As the Vietnamese eCommerce industry has grown, it has attracted the attention of not only major worldwide brands looking for a new market to tap, but also multinational marketplaces seeking to become the default shopping destination for the country’s close to 100 million people. Meanwhile, Vietnamese companies have been fighting to establish themselves and keep the market in local hands in the face of stiff competition from overseas. This has made for an exciting, competitive, and fluctuating B2C market as marketplaces from at home and abroad battle for dominance and the loyalty of the growing but still cautious Vietnamese consumer base. In this article we profile the three B2C marketplaces that have fought through this hotly contested battleground to claim the top spots.
In terms of website traffic, Shopee is the top dog in Vietnam. A veteran of eCommerce clashes throughout Southeast Asia, Shopee entered with a bang into the Vietnamese arena as recently as 2016. In just three short years, Shopee has held off homegrown challengers and defeated old rivals from other SEA markets to claim the top spot.
Identifying early on Vietnamese consumers’ hesitancy and low levels of trust when it comes to online purchases, the platform rolled out its Shopee Guarantee scheme to reassure consumers. User ratings for sellers, buyer reviews for products, and openly displayed seller response times made the platform seem more open, honest, and transparent for many users.
The most successful Vietnamese B2C platform in the country, the B2C web-store began life in 2010 as an online bookstore (echoing global giant Amazon’s humble beginnings). Now it is second only to Singaporean regional player Shopee in terms of monthly traffic. But the company’s successes aren’t limited to its homeland – in 2018, Tiki received investment from JD.com (backed by Chinese behemoth Tencent) to the tune of 44 million USD, and launched a China-exclusive cross-border service called Tiki Global.
Like Shopee, Tiki also targeted consumer hesitancy towards eCommerce, with a particular focus on customer service. This has been if anything more successful than Shopee’s efforts, with Tiki boasting the highest customer satisfaction rate of any eCommerce platform in the country, and a glowing reputation among Vietnamese consumers as a whole. Tiki reinforced this by taking control of its entire end-to-end supply chain, leveraging its home-field advantage against challenges from overseas marketplaces.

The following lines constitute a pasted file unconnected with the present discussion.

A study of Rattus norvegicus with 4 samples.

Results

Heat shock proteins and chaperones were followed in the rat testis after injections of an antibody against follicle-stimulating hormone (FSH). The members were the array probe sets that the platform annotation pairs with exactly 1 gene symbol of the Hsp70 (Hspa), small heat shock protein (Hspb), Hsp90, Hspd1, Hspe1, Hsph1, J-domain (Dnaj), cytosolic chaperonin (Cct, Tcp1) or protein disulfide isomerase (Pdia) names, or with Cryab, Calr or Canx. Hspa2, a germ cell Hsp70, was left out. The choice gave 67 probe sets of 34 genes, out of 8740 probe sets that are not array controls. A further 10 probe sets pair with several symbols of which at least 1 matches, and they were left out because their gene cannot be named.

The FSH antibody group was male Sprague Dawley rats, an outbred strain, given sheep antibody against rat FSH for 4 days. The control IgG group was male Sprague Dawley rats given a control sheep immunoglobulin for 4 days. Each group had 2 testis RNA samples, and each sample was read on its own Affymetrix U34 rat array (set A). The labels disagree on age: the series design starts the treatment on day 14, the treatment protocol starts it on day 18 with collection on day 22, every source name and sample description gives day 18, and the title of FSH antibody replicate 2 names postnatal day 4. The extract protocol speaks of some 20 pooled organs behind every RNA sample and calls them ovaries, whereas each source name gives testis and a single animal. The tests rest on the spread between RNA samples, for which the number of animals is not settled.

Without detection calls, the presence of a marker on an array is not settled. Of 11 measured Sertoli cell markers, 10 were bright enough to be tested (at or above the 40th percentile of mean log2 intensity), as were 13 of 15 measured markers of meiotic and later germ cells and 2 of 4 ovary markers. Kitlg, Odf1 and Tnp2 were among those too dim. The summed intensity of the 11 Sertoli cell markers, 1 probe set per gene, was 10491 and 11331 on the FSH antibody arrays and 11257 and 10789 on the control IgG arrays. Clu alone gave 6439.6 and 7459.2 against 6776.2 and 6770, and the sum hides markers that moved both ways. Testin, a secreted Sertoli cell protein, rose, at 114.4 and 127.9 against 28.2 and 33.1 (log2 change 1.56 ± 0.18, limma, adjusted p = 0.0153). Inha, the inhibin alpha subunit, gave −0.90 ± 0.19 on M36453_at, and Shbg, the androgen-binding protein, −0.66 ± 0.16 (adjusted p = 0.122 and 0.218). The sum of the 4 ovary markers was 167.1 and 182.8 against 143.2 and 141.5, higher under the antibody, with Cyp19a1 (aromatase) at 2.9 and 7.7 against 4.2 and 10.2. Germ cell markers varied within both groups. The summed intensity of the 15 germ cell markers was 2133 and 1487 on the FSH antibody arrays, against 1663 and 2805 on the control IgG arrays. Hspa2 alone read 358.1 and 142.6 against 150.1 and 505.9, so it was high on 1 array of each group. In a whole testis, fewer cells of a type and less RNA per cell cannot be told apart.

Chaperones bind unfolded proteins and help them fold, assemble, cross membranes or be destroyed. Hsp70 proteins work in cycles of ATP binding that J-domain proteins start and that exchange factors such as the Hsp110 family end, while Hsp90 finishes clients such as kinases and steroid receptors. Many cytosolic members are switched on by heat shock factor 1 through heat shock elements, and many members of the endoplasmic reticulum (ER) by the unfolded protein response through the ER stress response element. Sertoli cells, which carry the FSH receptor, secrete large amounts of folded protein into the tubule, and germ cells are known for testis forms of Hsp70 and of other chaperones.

Another of SEA’s major players, Lazada entered Vietnam earlier than rival Shopee, back in 2012. For years, this gave Lazada an early advantage – Lazada was more established than Shopee, having gotten in at the ground floor, while being better prepared for large-scale eCommerce than local rival Tiki due to years more experience in the eCommerce sphere and international backing.
However, this strong lead it held onto as late as Q1 2018 dramatically slipped towards the middle of that year, and now Lazada finds itself playing third fiddle to both of those B2C marketplaces. With renewed backing from Chinese megacorp Alibaba, Lazada hopes to reverse this change in fortunes, but will have to redraw its plans now that both Tiki and Shopee have matured into experienced and accomplished players in Vietnamese eCommerce. Especially when some local consumer feel the company has made a mistake by focusing on celebrity endorsements and ‘game-ification’ of the shopping experience instead of focusing on customer experience and trust in the service.
While not a B2C marketplace that sells a wide range of different product categories, it is absolutely worth mentioning the success of The Gioi Di Dong, Vietnam’s largest mobile phone retailer. This company’s online online platform falls just short of Lazada’s monthly visits, and is entirely native to Vietnam, not having taken any foreign investment. Though not a general B2C marketplace for multiple product categories, this is a homegrown platform that any foreign company wanting to sell phones in Vietnam should pay close attention to.